It started with a 131-character tweet sent Tuesday afternoon.
“All hell's about to break loose. BCBS DENIED Lorelei's transplant. No words for how angry I am. I guess it's cheaper to let her die,” Andrea Decker said via Twitter.
Decker's frustrated tweet came after she and her family learned that Blue Cross Blue Shield of Oklahoma had denied her daughter a cancer therapy that they say would save her life.
The family began a Twitter campaign using the hashtag #ApproveLorelei. Several Oklahoma residents sent hundreds of tweets, using the hashtag to express their feelings regarding the Oklahoma insurance company's decision.
And Wednesday afternoon, the Deckers found out Blue Cross Blue Shield had changed its decision and was told the cancer treatment was approved.
Lorelei Decker said she will not stop with her own fight and is calling for change.
“They can't just give people the runaround because the people they're giving the runaround are so tired of fighting cancer and so tired that they just feel defeated and quit,” Lorelei Decker said. “And that's why this is never public — because it is so hard to fight cancer that it's too hard to fight insurance, too.”
Hilarie Houghton, a Blue Cross Blue Shield of Oklahoma spokeswoman, said she could not comment on a specific case, citing state and federal privacy laws concerning medical records.
“We have an established medical review process to ensure that our members receive appropriate, necessary and effective care,” Houghton said in a statement. “In general, the process may include predetermination/preauthorization, an initial review policy determination by an internal medical doctor, a peer-to-peer review (a discussion between the member's doctor and a Blue Cross doctor to exchange pertinent information) and an appeals process that offers a clinical review by a specialty doctor, often a third party.”
Houghton said Blue Cross Blue Shield respects the roles of its members and their doctors but must “adhere to the plan certificates and regulatory guidelines that direct us regarding coverage decisions, determining what therapies are of proven efficacy, and evaluation of unusual therapies.”
About her cancer
Lorelei Decker, an 18-year-old Oklahoma City resident, was diagnosed with Hodgkin lymphoma during the second semester of her senior year at Putnam City North High School, when she was 17.
Hodgkin lymphoma is a cancer of lymph tissue found in the lymph nodes, spleen, liver, bone marrow and other sites, according to the U.S. National Library of Medicine.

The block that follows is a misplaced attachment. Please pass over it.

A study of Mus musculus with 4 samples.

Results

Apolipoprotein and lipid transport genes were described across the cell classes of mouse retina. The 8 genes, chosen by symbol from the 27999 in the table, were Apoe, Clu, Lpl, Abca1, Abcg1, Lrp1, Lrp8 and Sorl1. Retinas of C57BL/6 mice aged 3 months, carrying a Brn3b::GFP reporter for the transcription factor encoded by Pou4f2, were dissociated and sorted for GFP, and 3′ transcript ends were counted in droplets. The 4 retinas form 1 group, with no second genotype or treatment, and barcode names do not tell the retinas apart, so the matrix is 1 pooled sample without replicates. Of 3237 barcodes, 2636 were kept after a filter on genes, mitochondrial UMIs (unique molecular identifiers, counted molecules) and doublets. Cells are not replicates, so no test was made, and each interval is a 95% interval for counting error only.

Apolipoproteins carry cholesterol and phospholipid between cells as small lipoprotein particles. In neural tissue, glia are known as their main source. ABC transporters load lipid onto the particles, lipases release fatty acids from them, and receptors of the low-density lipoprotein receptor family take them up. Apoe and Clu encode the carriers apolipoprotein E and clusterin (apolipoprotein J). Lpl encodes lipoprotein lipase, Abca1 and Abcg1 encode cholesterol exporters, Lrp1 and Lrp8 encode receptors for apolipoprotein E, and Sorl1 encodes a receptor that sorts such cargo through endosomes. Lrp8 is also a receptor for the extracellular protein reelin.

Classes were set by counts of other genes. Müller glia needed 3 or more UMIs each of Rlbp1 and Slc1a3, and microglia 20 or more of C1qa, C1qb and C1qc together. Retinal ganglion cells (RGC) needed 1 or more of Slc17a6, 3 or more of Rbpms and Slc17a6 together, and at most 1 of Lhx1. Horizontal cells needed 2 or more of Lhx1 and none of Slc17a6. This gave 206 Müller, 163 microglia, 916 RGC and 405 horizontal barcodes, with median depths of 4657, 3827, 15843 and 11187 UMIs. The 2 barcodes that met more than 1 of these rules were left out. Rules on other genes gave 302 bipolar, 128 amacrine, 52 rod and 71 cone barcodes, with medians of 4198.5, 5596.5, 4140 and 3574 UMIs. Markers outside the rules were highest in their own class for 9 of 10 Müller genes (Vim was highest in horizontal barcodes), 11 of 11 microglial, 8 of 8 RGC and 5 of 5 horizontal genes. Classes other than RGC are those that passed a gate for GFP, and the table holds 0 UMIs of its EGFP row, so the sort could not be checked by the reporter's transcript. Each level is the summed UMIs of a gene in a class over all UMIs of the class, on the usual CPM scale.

Most people diagnosed with Hodgkin lymphoma are treated successfully through treatment. The five-year relative survival rate for patients with that type of cancer has increased dramatically from 40 percent in whites from 1960 to 1963 to 86.3 percent for all races from 2001 to 2007, according to the Leukemia and Lymphoma Society.
But Lorelei Decker's cancer has been resistant to chemotherapy and other treatments, and she has yet to go into remission, she said. She has a tumor across the middle of her chest.
Doctors at MD Anderson, a premier cancer center in Houston, recommended she undergo an allogeneic stem cell transplant. The transplant would use stem cells from her older sister to replace Decker's immune system.
“If I don't receive this treatment, I will die — that's the bottom line,” Lorelei Decker said. “If I don't receive this treatment, cancer will kill me.”
Blue Cross Blue Shield originally denied the coverage, citing that it wasn't “medically necessary,” she said.
Lorelei Decker attributes much of the reason that the insurance company changed its mind to the hundreds of tweets and Facebook posts that people from Oklahoma and several other states made.
Wednesday, she had more than 1,900 followers and had gained about 200 Twitter followers over 24 hours.
“Typically people don't fight on social media or don't publicize the issues that they're having issues with insurance coverage, and it's just up to them to call and reapply or mail it in, and it's all on them,” she said. “But when there is a level of publicity there, there's a level of urgency to defuse the situation, and so you're kind of put on the front burner, finally.”
Even more expense
Even though Lorelei Decker will likely get the treatment, the denial-approval scenario still comes with a cost. The family had booked its hotel rooms, flight and rental cars, but canceled all arrangements after the news of the denial.
A trip that would have cost about $1,000 will now cost them about $3,000. For some, this might not seem like a big jump. But Andrea Decker lost her job as she stayed home to help Lorelei with her cancer, the family has a son in Afghanistan and another daughter in college.
“It was very painful to have that happen — plus we still have to pay medical bills,” Andrea Decker said.
Lorelei Decker said it's frustrating to know that she isn't the only one who has had to fight for insurance coverage. Without her family's support, she said she wouldn't know what to do.
She said even though her fight might be over, she wants to spread awareness about others with similar battles.
“I'm fortunate to have parents and a community who loves me so much that they are willing to fight for me, and they know their voice is powerful because human life is valuable, and they're willing to fight for that,” she said.